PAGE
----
International Day of the Midwife 05.05.2020
The 5th of May has always been a special day in our family. It was my Gran’s birthday. My mum’s mum! She was such a welcoming, warm, friendly and funny woman. She loved life, loved her family and always made sure we had something sweet to eat. She was the one responsible for giving most of the family a sweet tooth and instilling a love of desserts. We all looked forward to family gatherings and celebrations, knowing Gran would do her baking best to provide decadent desserts for all to share.
So, when I first became a Midwife and discovered International Day of the Midwife was celebrated on the 5th of May each year – it seemed fitting. It would forever be a day I could celebrate my passion and also remember my wonderful Gran.
Family. Passion. Care. Joy.
All these words describe my Gran and what she was about. But they also describe what I do in my work as a Midwife. I have been a Midwife now for about 24 year and during this time have seen much advancement in technology and witnessed the making of many families. I am passionate about what I do, sometimes a little too much, but that is why I care so much about how a woman feels and how she perceives her whole birthing experience. If a woman feels positively about her birthing experience, the beginning of her transition to parenthood and the beginning of her bonding experience with her baby will only be enhanced – as she will engage with her baby, recover more quickly and learn more easily.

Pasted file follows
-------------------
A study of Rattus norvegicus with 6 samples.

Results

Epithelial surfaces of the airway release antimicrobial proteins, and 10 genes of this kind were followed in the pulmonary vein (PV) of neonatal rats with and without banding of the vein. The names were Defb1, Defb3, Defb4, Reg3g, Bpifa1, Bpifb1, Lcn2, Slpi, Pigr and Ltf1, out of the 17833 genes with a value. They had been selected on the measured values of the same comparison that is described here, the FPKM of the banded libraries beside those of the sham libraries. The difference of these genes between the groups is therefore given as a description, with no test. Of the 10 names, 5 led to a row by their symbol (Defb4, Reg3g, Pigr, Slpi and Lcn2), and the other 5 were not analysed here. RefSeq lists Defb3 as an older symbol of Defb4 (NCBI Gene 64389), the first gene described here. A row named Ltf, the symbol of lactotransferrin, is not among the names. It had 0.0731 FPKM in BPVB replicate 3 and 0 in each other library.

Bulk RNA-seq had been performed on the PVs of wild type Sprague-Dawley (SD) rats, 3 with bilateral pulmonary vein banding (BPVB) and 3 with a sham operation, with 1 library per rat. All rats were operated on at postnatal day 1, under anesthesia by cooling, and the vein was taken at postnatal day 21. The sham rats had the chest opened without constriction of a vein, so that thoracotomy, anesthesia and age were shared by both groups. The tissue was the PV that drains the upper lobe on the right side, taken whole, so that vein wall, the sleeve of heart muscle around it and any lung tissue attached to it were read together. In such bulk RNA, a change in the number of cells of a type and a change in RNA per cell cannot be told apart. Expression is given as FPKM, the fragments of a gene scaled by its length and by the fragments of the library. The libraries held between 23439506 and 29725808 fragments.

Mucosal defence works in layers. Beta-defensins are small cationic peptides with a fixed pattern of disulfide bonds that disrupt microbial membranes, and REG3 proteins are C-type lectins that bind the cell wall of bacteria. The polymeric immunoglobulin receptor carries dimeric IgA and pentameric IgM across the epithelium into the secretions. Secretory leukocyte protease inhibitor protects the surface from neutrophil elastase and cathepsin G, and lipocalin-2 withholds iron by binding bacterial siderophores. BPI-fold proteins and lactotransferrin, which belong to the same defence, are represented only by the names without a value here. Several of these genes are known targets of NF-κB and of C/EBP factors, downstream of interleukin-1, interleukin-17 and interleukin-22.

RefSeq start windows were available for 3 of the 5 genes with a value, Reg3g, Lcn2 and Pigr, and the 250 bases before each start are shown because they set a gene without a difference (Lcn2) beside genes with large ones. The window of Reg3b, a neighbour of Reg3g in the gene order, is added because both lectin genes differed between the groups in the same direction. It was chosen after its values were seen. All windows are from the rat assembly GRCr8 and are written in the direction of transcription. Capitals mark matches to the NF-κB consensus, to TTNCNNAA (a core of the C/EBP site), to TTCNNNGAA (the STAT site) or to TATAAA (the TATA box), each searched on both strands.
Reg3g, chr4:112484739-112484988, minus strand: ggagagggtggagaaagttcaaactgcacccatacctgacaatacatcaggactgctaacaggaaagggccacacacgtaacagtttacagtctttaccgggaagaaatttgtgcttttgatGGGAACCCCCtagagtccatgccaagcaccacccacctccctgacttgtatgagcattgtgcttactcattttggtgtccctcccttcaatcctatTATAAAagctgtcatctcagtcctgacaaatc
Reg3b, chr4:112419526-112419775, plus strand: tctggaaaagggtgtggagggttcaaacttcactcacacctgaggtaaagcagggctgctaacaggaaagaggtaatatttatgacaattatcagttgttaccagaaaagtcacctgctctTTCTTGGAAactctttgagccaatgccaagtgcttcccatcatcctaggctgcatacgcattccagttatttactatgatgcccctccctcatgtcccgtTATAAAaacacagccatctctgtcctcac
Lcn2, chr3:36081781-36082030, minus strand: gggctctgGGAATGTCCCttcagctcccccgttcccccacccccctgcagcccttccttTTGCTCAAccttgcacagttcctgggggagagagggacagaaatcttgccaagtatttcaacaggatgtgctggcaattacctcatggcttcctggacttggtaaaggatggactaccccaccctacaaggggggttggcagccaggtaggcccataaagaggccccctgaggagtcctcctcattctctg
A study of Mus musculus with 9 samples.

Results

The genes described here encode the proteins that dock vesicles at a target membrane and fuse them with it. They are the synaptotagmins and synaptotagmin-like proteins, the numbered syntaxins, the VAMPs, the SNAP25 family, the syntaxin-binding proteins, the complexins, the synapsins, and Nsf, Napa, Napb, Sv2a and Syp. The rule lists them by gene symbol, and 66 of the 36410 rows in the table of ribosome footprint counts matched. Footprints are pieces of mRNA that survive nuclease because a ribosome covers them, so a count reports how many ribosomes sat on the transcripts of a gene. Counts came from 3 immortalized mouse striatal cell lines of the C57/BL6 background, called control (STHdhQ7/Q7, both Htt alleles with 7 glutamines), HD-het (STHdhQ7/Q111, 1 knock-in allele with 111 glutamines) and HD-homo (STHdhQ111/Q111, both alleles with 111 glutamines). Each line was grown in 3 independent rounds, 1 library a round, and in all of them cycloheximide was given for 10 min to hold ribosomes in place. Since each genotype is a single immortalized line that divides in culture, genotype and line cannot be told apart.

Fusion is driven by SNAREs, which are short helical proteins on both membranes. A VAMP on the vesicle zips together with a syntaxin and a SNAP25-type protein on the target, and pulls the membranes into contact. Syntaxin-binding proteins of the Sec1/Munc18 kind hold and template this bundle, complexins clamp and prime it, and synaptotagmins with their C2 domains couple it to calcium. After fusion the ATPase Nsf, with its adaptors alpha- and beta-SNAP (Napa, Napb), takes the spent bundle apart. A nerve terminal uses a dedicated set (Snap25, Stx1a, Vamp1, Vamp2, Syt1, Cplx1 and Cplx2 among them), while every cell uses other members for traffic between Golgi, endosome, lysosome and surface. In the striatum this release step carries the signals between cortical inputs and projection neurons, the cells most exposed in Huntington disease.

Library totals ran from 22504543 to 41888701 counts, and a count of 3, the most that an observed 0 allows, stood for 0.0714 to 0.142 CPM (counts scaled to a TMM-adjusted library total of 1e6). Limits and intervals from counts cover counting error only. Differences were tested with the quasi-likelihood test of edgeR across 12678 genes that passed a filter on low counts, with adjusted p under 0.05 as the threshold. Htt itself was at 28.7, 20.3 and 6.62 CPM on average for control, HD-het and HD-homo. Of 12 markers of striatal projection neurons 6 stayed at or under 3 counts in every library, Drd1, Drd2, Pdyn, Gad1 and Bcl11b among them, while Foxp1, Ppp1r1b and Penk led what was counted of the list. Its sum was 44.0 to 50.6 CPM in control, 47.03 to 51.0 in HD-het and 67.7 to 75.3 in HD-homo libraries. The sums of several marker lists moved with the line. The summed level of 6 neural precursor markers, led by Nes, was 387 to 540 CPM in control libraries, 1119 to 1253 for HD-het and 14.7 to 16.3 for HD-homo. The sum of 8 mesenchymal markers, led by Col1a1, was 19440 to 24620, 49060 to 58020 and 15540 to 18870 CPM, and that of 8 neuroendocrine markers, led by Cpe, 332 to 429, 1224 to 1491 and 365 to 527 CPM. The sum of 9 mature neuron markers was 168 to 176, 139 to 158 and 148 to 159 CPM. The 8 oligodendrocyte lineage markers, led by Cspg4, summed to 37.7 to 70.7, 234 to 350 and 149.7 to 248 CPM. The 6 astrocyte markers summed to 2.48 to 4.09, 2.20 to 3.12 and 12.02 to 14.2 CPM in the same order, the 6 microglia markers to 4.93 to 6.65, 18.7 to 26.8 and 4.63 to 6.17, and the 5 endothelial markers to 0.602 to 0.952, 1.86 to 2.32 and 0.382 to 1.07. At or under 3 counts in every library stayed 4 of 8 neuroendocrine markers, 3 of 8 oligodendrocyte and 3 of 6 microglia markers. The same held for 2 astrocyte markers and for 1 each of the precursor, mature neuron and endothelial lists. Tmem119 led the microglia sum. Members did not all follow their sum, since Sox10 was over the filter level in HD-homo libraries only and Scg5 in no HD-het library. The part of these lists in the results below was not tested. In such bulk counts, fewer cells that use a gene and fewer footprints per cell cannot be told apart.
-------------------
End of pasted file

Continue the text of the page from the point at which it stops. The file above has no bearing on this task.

During my 24 years working as a Midwife, I was fortunate to spend 6 of these years working within a caseload model of care. I was lead care provider for a small number of women each month, co-ordinating their pregnancy care through the public system, being on-call for their labour and the birth of their baby, then providing postnatal care and support after discharge from hospital. This was an extremely fulfilling time in my career and a time where I hope many women experienced something special and also positive. I think of these babies, who will now be young adults or teenagers, and wonder if they realise how lucky they were to be born to women who received care in this program with such positive outcomes. Possibly not, but I do hope these mothers one day explain to their children how special their births were and how it affected them as women as time went by. Better still, encourage their children to seek out a similar model of care when they are ready to start a family!
Circumstances change and due to a move to a different suburb, I stopped working in the caseload program and started working in a Maternity unit of a small privately operated hospital. I was enjoying working within the unit and met some lovely families, who were very appreciative of the care given, but I only worked with these families for a short time and it felt like something was missing.
Continuity – working one on one with women, during pregnancy, during labour and birthing and during the postnatal period.
I realised it was time to offer some private Midwifery care in the community. Women attending the clinics at the public hospitals felt dissatisfied with their care, felt unsupported and felt there was little postnatal support available after discharge. So, I set up my private practice to offer shared continuity of care during pregnancy and postnatal care and support for up to 6 weeks. I felt I needed to offer something different; I needed women to know they did have another option and I needed women to know they could have a positive experience.
I care for women. I care about women.
Women care for their babies. Women care for their families.
Women need to care about themselves!
So now, even more than ever, women need support. On this International Day of the Midwife, the theme is :- “Midwives with women : celebrate, demonstrate, mobilise, unite – our time is NOW!”. Seek a better model of care for yourself, ask questions, you can have a positive experience and you deserve it!